On 8th December last year, UK Gambling Minister Chris Philp addressed the GambleAware conference in London. Within a speech challenging the industry around the question of affordability, the following passage stood out as being particularly interesting to me:
“We know data sharing is well established in financial services. I know there are representatives from industry in the audience today, so I want to be clear in my message; now is the time for you to pick up the gauntlet and work closely with both regulators to develop a system that works.”
As someone originally from a fintech background, those words resonated with me. I think the Minister was touching on something that has also struck me over the past year with ClearStake, namely a lack of confidence in the gambling industry when it comes to the possibilities and potential of financial data sharing.
To put that in plainer English, we frequently come across the belief that customers just won’t share their financial data, and that attempting to make it happen will inevitably lead to significant levels of churn - some of it to the black market.
A decent summary of this position was provided by Micheal Dugher, Chief Executive of the Betting and Gaming Council, who in summarising recent research suggested that:
“punters will simply move to the unsafe, unregulated black market online if blanket enhanced spending checks are introduced”
Although this opinion is entirely understandable, it is also an almost perfect example of what some (only some) in the industry are guilty of: spending so long telling regulators and government that customers will never consent to affordability checks that they start to believe it themselves. The good news, for those who want to hear it, is that this is completely untrue. And the fintech industry demonstrates it.
The fintech industry, or at least parts of it, deals in consumer financial data every day. Whether to improve personal finance offerings, offer better service in insurance, banking or payments, or support better lending decisions - a whole raft of businesses and new services has been built on customers sharing their financial information.
That can be via Open Banking or more conventional means. But the experience of these businesses is that customers will share their data if the benefit to them is clear, and the process is easy and reassuring. Every case is different, of course, but all evidence suggests that opt-in rates for Open Banking can reach 40% or even higher, and that number is only going to increase as more and more consumers understand that Open Banking is both safe and their opportunity to access improved services: like cheaper insurance, smart financial management products, or consumer advice on how and where they can save money.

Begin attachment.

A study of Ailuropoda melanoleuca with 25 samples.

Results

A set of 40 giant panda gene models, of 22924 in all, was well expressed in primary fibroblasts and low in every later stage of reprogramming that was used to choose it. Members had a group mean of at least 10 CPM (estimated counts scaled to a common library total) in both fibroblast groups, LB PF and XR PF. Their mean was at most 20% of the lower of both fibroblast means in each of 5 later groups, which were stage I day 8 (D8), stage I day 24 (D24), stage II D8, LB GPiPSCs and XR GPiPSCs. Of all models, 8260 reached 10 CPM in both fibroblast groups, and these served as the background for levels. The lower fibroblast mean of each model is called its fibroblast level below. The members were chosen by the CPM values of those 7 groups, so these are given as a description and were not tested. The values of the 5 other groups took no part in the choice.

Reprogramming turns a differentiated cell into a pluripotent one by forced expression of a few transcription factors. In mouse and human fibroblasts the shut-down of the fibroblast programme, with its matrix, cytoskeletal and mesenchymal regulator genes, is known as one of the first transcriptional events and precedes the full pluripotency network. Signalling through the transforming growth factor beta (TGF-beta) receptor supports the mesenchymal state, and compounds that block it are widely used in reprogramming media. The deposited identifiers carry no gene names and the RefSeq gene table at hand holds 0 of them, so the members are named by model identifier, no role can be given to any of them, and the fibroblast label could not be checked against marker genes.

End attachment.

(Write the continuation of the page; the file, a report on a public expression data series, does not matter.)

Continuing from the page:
It will be precisely the same in gambling. Sharing financial data is not hard, and customers gain huge value. Not just the ability to bet freely, but also immediate payouts and the knowledge that protections are in place to ensure they stake within their means. In fact research conducted by YouGov on behalf of TrueLayer confirmed that ⅔ of players (65%) wished to use a gaming service that promotes responsible gambling by setting spending caps and limits.
But to make that happen, we need to adopt the attitude that is present in fintech: that customers sharing financial data is an opportunity, not a threat. If handled in the right way, and if we invest time and effort into making it a seamless experience for customers, there is no reason that it needs to be an insurmountable hurdle. In other words, it’s time to stop talking ourselves out of it and start making it a reality that benefits everybody.
At ClearStake we know the gambling industry. Our number includes a few industry veterans and we understand that gambling can be a fun activity for the vast majority of people. We’re also aware that enhanced due diligence (EDD) processes that exist today do cause many customers to churn. We are not pretending this is not an issue, on the contrary we are actively engaged in solving it.
And there is even better news. In our pilot projects we’ve seen excellent opt-in rates for sharing data via Open Banking - possibly because until now the requirement to share physical statements on a regular basis has been immensely frustrating. It really is easier, and higher value customers in particular jump at the chance to put the old ways behind them.
Ultimately, one way or another the affordability checks we already do are going to become more widespread, and required for more customers. When that is the case, let’s learn from fintech and ensure they work for both operators and punters.